The following are some thoughts I wrote down in my devotional journal this week. It may contain a theological perspective that I am still uncertain about.
John 6:38 says, “For I [Jesus] have come down from heaven, not to do my own will but the will of him who sent me.” Later in I Corinthians 4:4, Paul, also speaking of doing the will of another, said, “This is how one should regard us, as servants of Christ.” As Paul invites us to follow him and ultimately to follow Christ, we too are to do the will of the Father. We are to do what pleases God. We are to do right. However, as God changes my heart, doing my own will becomes doing God’s will. Or we had best put it the other way around- doing God’s will becomes doing my will. This is a way of life, not something you get done for the day and forget about. It really is silly to think of getting God’s will done so that I may move on to my own. As if there were portions and times of my life in which God has no explicit way for me to act or obedience for me to exhibit.
So we immediately run into two problems:
1. The sheer impossibility of actually doing this even if we wanted to.
And the greater of the two,
2. Actually wanting to.
I think here we find the essence of what it means to be a Christian. It also speaks much about what God does when he saves a person.
You see, no one actually wants to surrender his life to live it in the service of another person. At least no one I’ve ever known. At least not to the extent that the Bible speaks of it when we come to fully understand it. Those who seem to want it inevitably do so for selfish motives, and that is perhaps worse than simply admitting rebellion and being done with it.
And so God must change us. He must make our hearts of stone into hearts of flesh. He must take what is dead and make it walk again. No, not even again, but for the very first time. It is still unclear to me when this change occurs. Of course it has not fully occurred in any of us, and perhaps we can say it has more fully occurred in some than in others. But could it be that this change has not occurred in every person who has faith in Jesus? Or does their faith presuppose that God has at least planted the seeds of change? Of one thing we may be sure: the change will come. It must. For to grab hold of God is to grab hold of doing his will as a servant and in the process eternal life.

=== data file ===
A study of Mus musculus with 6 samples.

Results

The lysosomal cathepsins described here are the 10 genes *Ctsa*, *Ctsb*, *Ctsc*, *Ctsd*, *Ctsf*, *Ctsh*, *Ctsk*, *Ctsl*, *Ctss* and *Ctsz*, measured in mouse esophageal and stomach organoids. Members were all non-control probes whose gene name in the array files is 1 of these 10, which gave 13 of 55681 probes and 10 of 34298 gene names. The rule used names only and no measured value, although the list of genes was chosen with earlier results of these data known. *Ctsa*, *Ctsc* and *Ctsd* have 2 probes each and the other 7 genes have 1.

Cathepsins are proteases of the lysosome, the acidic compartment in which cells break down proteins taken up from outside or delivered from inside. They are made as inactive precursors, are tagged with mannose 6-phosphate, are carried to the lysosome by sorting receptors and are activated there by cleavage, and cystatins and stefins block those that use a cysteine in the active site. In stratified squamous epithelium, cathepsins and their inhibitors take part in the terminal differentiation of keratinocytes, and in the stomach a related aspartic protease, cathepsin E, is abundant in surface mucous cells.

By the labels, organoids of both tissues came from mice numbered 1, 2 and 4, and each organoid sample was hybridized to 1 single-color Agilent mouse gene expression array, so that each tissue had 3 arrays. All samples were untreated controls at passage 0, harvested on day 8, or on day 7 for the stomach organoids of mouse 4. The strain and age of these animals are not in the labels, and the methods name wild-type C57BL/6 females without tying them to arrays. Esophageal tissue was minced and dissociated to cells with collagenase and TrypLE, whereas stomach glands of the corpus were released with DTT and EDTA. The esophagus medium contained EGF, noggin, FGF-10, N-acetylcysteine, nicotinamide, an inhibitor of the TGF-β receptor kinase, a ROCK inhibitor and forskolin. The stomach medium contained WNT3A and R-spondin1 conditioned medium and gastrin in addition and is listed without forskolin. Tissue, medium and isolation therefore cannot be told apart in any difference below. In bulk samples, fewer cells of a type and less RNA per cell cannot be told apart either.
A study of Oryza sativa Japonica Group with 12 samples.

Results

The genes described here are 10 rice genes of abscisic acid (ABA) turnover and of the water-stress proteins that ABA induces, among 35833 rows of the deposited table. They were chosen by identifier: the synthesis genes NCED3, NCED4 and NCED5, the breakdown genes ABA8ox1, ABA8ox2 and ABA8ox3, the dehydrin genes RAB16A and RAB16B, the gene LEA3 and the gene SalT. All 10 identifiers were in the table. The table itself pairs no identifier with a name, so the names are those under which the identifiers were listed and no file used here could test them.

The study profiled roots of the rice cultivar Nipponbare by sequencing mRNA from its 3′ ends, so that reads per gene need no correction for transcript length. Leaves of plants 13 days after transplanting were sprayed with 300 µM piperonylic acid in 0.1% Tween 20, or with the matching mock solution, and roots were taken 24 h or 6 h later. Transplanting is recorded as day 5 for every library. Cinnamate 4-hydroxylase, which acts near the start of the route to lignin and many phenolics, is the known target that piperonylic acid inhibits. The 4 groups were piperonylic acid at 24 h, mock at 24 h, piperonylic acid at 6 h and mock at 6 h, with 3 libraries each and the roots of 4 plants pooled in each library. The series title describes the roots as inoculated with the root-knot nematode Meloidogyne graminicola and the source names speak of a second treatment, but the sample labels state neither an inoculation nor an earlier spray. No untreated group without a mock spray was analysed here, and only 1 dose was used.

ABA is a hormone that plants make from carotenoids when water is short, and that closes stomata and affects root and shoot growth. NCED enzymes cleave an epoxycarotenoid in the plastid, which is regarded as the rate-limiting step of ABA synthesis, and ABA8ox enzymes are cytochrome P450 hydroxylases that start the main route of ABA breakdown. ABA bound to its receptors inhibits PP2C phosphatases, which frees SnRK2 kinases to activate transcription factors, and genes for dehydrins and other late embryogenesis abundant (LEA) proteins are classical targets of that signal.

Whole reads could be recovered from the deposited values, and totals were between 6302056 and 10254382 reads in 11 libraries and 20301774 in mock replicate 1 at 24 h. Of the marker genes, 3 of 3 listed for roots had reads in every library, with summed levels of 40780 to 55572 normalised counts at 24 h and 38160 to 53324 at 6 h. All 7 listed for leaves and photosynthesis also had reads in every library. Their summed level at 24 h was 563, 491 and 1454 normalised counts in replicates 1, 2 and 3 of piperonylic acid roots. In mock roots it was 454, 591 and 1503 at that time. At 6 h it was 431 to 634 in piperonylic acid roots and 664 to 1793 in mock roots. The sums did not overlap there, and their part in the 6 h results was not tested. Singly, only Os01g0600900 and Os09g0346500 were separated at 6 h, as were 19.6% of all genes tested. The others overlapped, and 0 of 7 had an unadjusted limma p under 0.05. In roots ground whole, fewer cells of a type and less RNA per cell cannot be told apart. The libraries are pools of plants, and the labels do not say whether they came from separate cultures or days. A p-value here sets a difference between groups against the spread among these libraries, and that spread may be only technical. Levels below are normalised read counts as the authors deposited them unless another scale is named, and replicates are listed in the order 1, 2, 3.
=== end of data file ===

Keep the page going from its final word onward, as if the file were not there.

Truly, we should hardly think of the two (doing God’s will and eternal life) as separate. Did not Jesus say that whoever loses his life for my sake will find it? So it would seem that eternal life is found along the way of doing God’s will. Yet, we must not forget that doing God’s will and more importantly wanting to do it are gifts from God from the start.
If we must think of them as separate for the sake of better understanding, let us suppose that to lay hold of God is to lay hold of a rope consisting of two strands- one being doing God’s will as a servant, the other, the attainment of eternal life. You could no sooner simply grab one strand of the rope than you could jump into a lake on a hot summer day with the hope of staying dry. You can jump into the lake to enjoy relief from the heat, but you will most certainly also get wet, and you had best prepare yourself for that. Indeed, we could think of the rest of the world’s religions as attempts to untangle these two strands. Because everyone wants eternal life. No one wants Jesus. Not in their natural state. Not when it means becoming a servant as he was. Not when they really understand him and what following him entails. Even if they were to succeed in untangling the rope, it wouldn’t be strong enough to save them. I am reminded of preachers who speak of the danger of coming to Jesus as simply a fire escape from hell. I think their warning is much-needed because those who think of Jesus in such terms are not really thinking of him at all.
To lay hold of God is to lay hold of doing his will as a servant and in the process eternal life.